April 24, 2014

Scrolling Headlines:

Bowl Weekend set to be ‘very successful’ -

Thursday, April 24, 2014

Win-and-in situation looms for UMass men’s lacrosse against Delaware -

Thursday, April 24, 2014

Brewed of the Gods – Dogfish Head Theobroma -

Thursday, April 24, 2014

Never again, never forget: Remembering the Armenian genocide -

Thursday, April 24, 2014

No. 11 UMass women’s lacrosse prepares for final two regular season games -

Thursday, April 24, 2014

Food of the World: Vietnam -

Thursday, April 24, 2014

Indie duo The Both to perform at Pearl Street -

Thursday, April 24, 2014

USDA grants awarded to UMass faculty -

Thursday, April 24, 2014

UMass baseball team heads to Bronx for three-game set vs. Fordham -

Thursday, April 24, 2014

Workout on the Quad comes to UMass -

Thursday, April 24, 2014

Time to reconsider ‘war on terror’ -

Thursday, April 24, 2014

UMass men’s lacrosse has received solid play from freshmen all year -

Thursday, April 24, 2014

Renowned rabbi discusses the role of religion in American policy -

Wednesday, April 23, 2014

UMass baseball haunted by missed opportunities in 8-5 loss -

Wednesday, April 23, 2014

‘Transcendence’ a fumbling cautionary tale -

Wednesday, April 23, 2014

Freedom of speech for campus employees -

Wednesday, April 23, 2014

‘Veep’ continues to be one of the smartest comedies around -

Wednesday, April 23, 2014

‘Noah’ a sinking ship -

Wednesday, April 23, 2014

Letter: A response to ‘There is nothing to debate about global warming’ -

Wednesday, April 23, 2014

Push for punishment equality -

Wednesday, April 23, 2014

How new credit card rules will impact students

A series of new restrictions for credit card companies, which went info effect last week after being passed Congress a year ago, will impact anyone who has a credit card, but it will especially affect college students.

Credit card companies have long used questionable marketing practices in order to get America’s youth to sign up for a credit card. The companies often see young adults as being inexperienced with managing finances and therefore much more likely to misuse credit cards and therefore pay more in penalties.

“In spring of 2008, only 15 percent of freshmen had a zero balance, down dramatically from 69 percent in the fall of 2004. The median debt freshmen carried was $939, nearly triple the $373 in 2004,” according to Sallie Mae’s “How Undergraduate Students Use Credit Cards,” published April 2009.

Generally, credit card companies use methods such as switching payment dates and raising credit limits so that cardholders incur debt.  This extra debt means a number of new fees and increased interest rates, which is how these companies make their money.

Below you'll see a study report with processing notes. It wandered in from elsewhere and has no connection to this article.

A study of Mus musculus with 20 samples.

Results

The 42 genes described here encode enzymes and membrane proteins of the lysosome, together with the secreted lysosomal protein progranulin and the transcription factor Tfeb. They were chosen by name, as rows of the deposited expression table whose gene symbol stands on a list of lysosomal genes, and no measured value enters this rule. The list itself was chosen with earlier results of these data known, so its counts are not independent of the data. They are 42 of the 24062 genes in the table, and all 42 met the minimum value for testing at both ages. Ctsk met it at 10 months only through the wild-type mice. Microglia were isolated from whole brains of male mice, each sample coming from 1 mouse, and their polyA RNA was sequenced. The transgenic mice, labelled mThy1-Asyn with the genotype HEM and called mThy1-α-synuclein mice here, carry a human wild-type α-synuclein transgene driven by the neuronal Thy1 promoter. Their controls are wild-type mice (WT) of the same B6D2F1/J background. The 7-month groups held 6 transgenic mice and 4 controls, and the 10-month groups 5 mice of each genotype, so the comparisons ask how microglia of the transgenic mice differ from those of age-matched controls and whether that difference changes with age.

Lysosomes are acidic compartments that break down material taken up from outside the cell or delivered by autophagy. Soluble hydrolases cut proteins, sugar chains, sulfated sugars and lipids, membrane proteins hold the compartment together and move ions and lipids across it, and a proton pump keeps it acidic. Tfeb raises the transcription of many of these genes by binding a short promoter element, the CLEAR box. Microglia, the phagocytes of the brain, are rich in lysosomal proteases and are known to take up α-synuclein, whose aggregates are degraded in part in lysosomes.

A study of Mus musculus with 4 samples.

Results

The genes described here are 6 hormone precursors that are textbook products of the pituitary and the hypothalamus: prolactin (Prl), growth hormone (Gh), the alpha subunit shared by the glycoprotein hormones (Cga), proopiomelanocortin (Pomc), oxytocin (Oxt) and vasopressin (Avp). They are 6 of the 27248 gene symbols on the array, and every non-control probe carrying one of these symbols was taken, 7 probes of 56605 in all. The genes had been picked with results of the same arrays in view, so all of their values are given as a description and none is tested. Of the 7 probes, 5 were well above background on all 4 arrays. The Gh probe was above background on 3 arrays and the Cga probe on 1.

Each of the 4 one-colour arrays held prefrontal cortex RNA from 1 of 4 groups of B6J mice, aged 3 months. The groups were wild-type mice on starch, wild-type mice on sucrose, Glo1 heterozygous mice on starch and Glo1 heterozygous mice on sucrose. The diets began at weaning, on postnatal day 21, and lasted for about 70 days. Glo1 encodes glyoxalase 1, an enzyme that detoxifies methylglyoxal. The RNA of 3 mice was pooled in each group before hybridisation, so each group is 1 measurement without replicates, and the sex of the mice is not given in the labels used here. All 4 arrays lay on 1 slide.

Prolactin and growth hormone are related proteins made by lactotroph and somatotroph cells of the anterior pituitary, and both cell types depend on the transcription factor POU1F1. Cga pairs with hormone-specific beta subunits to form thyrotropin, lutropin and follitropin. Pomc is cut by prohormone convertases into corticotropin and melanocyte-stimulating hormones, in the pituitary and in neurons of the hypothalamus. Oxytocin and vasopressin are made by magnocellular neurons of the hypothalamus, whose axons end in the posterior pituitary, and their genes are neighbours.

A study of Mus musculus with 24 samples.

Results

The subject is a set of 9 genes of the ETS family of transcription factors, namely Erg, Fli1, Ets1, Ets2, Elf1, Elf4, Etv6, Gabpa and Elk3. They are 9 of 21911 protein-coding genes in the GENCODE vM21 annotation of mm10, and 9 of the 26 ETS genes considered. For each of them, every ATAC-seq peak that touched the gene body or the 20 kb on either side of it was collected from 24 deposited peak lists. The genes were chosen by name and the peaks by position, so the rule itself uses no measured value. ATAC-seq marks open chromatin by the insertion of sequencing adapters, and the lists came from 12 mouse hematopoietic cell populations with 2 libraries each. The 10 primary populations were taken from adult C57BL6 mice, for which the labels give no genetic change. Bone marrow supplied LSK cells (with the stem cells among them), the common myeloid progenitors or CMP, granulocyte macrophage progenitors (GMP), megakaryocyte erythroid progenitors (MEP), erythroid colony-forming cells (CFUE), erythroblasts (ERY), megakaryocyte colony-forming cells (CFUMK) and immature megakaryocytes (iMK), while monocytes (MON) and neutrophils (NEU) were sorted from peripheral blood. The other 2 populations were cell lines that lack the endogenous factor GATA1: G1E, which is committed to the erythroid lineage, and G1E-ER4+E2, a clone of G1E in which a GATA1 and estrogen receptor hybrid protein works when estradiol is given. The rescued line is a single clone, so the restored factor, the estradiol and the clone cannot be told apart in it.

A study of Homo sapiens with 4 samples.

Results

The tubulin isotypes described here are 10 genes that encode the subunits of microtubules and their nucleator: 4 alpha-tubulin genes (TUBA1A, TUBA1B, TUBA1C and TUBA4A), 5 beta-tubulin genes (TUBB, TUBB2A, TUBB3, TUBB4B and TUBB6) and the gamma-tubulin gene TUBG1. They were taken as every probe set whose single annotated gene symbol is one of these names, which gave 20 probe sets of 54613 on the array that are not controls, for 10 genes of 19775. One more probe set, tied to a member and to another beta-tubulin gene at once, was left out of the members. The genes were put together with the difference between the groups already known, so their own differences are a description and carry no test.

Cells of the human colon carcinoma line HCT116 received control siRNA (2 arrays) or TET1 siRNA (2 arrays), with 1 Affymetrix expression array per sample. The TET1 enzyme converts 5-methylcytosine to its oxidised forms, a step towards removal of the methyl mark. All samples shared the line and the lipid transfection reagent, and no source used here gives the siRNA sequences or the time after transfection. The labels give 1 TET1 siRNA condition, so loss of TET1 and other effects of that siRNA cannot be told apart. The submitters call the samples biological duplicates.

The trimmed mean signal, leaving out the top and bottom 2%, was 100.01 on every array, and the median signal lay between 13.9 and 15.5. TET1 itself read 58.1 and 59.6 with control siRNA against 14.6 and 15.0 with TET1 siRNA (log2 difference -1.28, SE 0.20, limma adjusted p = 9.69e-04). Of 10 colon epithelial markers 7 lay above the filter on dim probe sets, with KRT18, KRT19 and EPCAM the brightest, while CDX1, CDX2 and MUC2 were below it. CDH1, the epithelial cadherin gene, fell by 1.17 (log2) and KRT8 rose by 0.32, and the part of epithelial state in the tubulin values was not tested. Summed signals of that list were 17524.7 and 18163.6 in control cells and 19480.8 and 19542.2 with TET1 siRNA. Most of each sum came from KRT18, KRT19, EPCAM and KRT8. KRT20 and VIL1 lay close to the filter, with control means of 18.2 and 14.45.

With the new legislation kicking in, these practices have been at least regulated, if not banned.  The following restrictions in the “Credit Card Accountability Responsibility and Disclosure Act” (Credit CARD Act) passed on March 19, 2009, will directly affect students:

  • New laws will require a co-signer for student applicants under 21, unless they can prove they have a steady source of income.
  • No more freebies: companies are no longer allowed to offer students token gifts such as free pizza or t-shirts, etc. just for applying.
  • Fewer prescreened offers, meaning companies such as Equifax or Experian can not send credit card companies your information in order for them to send out “pre-approved offers.”
  • More transparency about college affinity card programs, meaning that credit card companies will have to disclose their marketing deals with colleges to the Federal Reserve Board.  Schools must also disclose how much they make off these deals.
  • Colleges are urged to limit, or restrict, credit card marketing on their campus.

While these new regulations will limit the credit card companies’ ability to use their old tricks, it certainly does not prevent them from implementing new ones.

“Of the 10 practices that have been outlawed, the credit card companies have already found eight new devices for getting around them,” said Elizabeth Warren, Chair of the Congressional Oversight Panel, in a recent television interview.

Even with all their traps, credit card companies cannot take advantage of consumers if the cardholder borrows responsibly and takes the time to read the fine print on their statements. Just keep one thing in mind: caveat emptor, these companies are after their pound of flesh.

Matt Bouteillier can be reached at mbouteil@student.umass.edu.